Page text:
Have you noticed all those colored bikes appearing everywhere in large US and European cities these last months? If you live in China, you know what I’m talking about.
It has been 2 years now since this new sharing bike system has been launched in China. First in universities campuses, later in all big cities. The concept is simple: use an app that let you find the closest bike around you, ride and leave it where you want after use. No need to find a station to park it anymore. No more full stations. Park as closest as your destination is.
How can it be more convenient?
After a fight for over a year between at least 10 Chinese startups to conquer the market, only 2 succeeded. They became unicorns by raising billions thanks to giants Tencent, Didi Chuxing, Huawei or Alibaba. They are called Mobike (orange) or Ofo (yellow) and claim to get around 9 million daily active users.
Now, they are facing a new challenge: expand to the rest of the world. Let’s have a closer look to what’s happening.
This new system of bike sharing is completely different to what already exists in US or European cities. New York City’s Citibike, London’s Boris Bike or Paris’s Vélib’ for instance, provide bikes to their citizens, but require them to pick up and let the bike in a station. The service is public, meaning that it takes longer to get improvement, or funding. Transition between new and former company managing bikes in Paris is a good example: it takes time, while Parisians can’t use the service.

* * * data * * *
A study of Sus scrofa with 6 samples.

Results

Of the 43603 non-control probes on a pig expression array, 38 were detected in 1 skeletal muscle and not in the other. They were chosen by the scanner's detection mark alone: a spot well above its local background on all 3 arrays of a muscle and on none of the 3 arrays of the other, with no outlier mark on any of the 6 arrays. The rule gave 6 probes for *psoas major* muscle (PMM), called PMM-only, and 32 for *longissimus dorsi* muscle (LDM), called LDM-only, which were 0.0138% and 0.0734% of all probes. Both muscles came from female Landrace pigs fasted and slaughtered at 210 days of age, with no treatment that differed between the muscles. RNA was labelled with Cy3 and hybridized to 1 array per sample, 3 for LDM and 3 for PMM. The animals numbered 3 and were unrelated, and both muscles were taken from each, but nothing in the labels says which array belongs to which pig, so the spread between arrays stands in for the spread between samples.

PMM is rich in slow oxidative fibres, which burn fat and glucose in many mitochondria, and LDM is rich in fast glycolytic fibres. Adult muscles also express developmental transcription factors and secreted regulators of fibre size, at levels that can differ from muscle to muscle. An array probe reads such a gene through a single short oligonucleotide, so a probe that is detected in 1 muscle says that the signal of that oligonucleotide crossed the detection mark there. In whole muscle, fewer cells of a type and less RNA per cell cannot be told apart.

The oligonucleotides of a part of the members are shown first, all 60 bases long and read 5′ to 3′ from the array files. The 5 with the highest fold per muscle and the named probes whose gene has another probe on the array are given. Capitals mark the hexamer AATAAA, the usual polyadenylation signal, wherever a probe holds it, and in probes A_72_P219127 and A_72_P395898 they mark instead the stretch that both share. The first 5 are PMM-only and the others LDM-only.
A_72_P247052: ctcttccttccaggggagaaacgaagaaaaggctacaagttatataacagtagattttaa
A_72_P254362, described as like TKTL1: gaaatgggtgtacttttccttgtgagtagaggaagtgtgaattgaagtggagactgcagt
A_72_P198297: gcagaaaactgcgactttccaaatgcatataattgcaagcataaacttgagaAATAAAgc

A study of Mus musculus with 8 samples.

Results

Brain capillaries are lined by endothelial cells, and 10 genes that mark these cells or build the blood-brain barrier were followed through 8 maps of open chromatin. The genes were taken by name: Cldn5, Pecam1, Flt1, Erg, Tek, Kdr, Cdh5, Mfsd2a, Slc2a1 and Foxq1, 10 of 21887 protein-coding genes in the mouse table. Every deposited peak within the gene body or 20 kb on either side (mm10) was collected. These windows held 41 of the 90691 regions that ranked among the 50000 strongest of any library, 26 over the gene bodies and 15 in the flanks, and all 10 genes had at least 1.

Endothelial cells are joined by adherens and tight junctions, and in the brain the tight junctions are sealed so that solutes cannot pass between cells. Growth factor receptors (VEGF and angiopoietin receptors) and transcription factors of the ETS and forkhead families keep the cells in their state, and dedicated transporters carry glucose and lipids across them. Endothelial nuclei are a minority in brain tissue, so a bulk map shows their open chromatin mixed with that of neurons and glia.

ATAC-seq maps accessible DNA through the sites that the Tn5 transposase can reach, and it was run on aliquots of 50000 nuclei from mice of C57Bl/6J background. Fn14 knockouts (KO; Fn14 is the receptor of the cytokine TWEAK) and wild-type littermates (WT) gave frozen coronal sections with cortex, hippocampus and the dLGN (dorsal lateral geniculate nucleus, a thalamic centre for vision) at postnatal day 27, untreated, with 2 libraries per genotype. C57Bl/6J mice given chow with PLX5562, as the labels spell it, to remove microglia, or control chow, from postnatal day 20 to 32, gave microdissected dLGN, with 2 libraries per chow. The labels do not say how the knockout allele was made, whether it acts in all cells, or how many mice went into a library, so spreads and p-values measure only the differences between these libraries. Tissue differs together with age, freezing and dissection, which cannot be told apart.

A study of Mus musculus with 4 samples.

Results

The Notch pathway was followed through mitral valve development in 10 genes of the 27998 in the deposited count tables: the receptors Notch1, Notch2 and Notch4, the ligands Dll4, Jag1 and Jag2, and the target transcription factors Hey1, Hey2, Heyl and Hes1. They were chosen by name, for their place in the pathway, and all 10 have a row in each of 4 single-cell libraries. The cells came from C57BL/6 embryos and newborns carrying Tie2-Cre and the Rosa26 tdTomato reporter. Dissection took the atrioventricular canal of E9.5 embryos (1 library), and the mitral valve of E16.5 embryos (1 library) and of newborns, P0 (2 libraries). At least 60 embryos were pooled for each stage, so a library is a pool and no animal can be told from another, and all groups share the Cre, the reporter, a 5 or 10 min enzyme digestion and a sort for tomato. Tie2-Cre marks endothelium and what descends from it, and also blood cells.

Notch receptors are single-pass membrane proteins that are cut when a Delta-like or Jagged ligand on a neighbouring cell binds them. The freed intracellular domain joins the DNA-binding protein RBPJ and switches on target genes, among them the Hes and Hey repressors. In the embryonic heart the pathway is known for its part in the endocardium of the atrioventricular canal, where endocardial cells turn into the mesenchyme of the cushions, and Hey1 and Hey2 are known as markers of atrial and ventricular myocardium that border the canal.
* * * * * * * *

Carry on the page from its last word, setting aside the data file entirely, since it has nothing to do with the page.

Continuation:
What startups provide thanks to private financing is lighter bikes, cheaper fare and deposit, no subscription, and promotion. Even more important: useful data collection about users’ riding behavior.
Challenges to face
But they are facing 2 main problems: defected bikes and public space use. Many cities are afraid to face wrong bike parking, or worst case over flooding.
In French cities Lille and Reims, Gobee Bike had to remove its bikes because of vandalism. In San Franscisco, Bluegogo has suspended its business after few months because of local political resistance. Even Amsterdam, the world bike-friendly city intends to ban rental bikes because of parking issues.
To succeed, companies will need to insure an efficient bike sharing service and get agreements with each city about public space use.
In the end, those new markets are very challenging for Chinese startups (or local copycats 😉) because it seems that every city reacts in a different way towards the service.
Last but not least, it puts actual bicycle operation and financing into question.